Panic in the sewing room

This is my beloved sewing machine. I purchased it a few years ago when my Pfaff bit the dust.My go to brilliant sewing machine doctor, leon Speilvogel had moved his repair shop in the garment district, appropriately called "Garment Center Sewing" out to Brooklyn. Getting the machine to Leon was something of a problem which required either an expensive taxi ride or dislocating my funky shoulders from carrying the sewing machine. While I weighed my options I purchased  the inexpensive Janome as a stop gap measure.

I ended up falling deeply in love with what was supposed to be a temporary fix. The Janome was in many ways just a better machine than the Pfaff which had cost several times more than the Pfaff. 

Over the years several parts broke off. The stopper mechanism for the bobbin winder went early. While I was teaching a class the little tool box crashed to the ground so I hacked together a repair using Velcro. But the machine kept purring along, working as an extension of my hands--until Wednesday evening,

Wednesday I was doing some work after dinner when the machine suddenly stopped. It felt like a gear had broken or fallen off.  I was as distraught as I would have been if one of my kids had gotten injured. There is work to be done and I need my machine.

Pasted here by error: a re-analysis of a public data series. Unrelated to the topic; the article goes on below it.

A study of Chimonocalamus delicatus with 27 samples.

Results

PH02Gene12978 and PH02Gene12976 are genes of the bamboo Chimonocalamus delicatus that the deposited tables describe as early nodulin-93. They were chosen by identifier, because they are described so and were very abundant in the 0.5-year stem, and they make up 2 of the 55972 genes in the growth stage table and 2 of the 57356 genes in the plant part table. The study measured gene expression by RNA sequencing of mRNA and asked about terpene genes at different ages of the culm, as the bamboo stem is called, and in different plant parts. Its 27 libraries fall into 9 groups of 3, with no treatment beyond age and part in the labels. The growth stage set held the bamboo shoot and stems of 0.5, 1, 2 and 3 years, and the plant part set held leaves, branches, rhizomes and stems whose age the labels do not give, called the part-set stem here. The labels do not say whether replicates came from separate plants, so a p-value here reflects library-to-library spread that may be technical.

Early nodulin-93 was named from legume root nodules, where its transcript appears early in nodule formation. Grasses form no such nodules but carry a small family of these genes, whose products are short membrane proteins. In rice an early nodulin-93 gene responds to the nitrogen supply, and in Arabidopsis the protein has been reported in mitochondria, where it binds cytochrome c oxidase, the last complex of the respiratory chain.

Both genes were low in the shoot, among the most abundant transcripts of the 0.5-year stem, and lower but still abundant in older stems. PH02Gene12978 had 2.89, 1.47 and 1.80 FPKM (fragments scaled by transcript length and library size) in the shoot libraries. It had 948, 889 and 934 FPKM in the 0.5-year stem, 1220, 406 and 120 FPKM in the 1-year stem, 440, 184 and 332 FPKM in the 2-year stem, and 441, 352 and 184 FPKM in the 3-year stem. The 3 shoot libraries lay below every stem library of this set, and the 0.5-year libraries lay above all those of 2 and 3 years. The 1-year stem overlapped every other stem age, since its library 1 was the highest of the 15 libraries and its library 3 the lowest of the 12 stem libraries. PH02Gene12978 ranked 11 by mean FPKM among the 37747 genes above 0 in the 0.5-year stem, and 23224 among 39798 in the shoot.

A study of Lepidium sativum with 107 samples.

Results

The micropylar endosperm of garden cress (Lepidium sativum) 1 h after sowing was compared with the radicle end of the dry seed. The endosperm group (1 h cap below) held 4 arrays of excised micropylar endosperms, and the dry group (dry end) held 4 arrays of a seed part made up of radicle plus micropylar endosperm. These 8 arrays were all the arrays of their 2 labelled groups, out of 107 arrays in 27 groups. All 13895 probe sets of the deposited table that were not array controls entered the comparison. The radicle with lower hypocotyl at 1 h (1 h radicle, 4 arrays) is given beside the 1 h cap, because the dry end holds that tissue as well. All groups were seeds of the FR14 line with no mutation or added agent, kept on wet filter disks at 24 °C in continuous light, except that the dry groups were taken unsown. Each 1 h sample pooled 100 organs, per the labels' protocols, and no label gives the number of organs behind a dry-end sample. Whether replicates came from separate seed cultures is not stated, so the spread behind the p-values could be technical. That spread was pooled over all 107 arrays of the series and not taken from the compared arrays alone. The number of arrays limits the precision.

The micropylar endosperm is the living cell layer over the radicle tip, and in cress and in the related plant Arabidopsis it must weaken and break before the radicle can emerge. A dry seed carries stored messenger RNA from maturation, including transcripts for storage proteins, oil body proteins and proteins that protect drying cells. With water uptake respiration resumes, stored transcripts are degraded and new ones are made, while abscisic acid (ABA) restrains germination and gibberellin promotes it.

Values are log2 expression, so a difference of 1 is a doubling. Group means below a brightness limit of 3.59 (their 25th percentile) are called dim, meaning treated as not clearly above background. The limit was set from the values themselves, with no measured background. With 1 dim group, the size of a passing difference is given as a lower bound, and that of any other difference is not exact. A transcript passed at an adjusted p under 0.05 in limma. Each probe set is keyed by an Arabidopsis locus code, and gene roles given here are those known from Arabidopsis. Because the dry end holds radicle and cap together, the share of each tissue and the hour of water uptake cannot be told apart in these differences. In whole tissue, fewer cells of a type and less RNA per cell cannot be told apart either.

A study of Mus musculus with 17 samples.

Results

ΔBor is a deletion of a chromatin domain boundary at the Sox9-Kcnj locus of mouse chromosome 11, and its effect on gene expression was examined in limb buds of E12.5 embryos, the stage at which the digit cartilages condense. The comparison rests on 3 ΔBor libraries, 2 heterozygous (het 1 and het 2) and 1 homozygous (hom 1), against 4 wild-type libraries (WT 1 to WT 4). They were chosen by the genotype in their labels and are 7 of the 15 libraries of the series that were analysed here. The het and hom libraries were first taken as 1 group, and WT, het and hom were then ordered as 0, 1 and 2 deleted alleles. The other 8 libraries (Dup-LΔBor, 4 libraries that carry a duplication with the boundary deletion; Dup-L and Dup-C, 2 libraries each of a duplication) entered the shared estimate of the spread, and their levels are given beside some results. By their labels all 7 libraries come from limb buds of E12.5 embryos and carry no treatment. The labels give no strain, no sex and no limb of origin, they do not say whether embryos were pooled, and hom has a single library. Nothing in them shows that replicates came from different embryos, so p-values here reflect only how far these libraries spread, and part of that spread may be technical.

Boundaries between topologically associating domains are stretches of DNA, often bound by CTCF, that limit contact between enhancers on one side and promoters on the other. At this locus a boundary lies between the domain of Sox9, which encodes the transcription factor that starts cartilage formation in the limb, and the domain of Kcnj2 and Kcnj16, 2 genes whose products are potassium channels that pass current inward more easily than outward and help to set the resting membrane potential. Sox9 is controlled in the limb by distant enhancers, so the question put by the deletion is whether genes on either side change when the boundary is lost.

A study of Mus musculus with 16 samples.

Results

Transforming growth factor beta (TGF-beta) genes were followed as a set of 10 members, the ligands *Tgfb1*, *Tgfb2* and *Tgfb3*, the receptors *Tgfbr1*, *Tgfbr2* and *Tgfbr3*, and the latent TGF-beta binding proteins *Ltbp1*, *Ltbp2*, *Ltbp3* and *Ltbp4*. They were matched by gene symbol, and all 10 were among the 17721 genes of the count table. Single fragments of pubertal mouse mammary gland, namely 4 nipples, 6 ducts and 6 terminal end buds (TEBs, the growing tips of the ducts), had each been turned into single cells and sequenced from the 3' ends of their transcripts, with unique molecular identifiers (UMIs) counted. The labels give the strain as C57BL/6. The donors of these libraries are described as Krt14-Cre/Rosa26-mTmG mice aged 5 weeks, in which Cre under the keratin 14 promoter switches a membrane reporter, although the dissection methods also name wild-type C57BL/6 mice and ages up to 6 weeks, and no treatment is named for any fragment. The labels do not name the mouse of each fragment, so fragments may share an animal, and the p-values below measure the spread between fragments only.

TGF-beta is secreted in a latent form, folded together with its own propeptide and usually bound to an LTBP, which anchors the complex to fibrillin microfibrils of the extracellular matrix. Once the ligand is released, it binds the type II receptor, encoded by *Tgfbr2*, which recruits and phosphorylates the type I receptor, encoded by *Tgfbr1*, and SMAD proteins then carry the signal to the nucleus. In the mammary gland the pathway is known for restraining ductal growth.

I checked out various machine reviews online.  I looked at the specs of several machines. I consoled myself with some knitting and some junky TV.

Yesterday I decided to see if there was a temporary machine I could locate locally via Craigslist. This machine was being sold, a subway stop away, completely new and never used.
The price was reasonable. I hopped on the subway, and bought the machine. As I carried the machine out of the apartment building where I had purchased it, the doorman stopped me to ask about the machine. He has a side business creating Haiti pride clothing. He uses a higher lever brother machine for his work which he produced completely himself .W talked for a bit about where we source fabric and trims from and then I went on my way delighted to have found a fellow seamster.

I got home, unpacked the machine, and tried out all of the stitches. It's a nice machine, but I am not in love. The working are a bit louder and clunkier than the Janome, but it does have some nice stitches. in general, the stitch quality is nice.

I pulled out a not quite finished challah cover.  I can't remember exactly when I had begun this challah cover.  Given the materials, cotton rather than silk I imagine that it was quite a while ago.I also assume that given that the woman pictured is my grandmother, that I must have made this piece to exhibit at a show.

If I had planned better I would have taken a before photo. The photo was edged with white satin stitching. It was OK but the balance of the piece was a bit off.  I stitched a ribbon frame around the photo using a copper metallic thread. Metallic thread can make machines balky.
My new machine performed well. Given how often I use metallic thread in my work the machine passed an essential test.

My grandmother will grace our Shabbat table tonight. My husband will rent a car and take my ailing machine to Leon. Hopefully my Janome can be salvaged, but meanwhile I can work.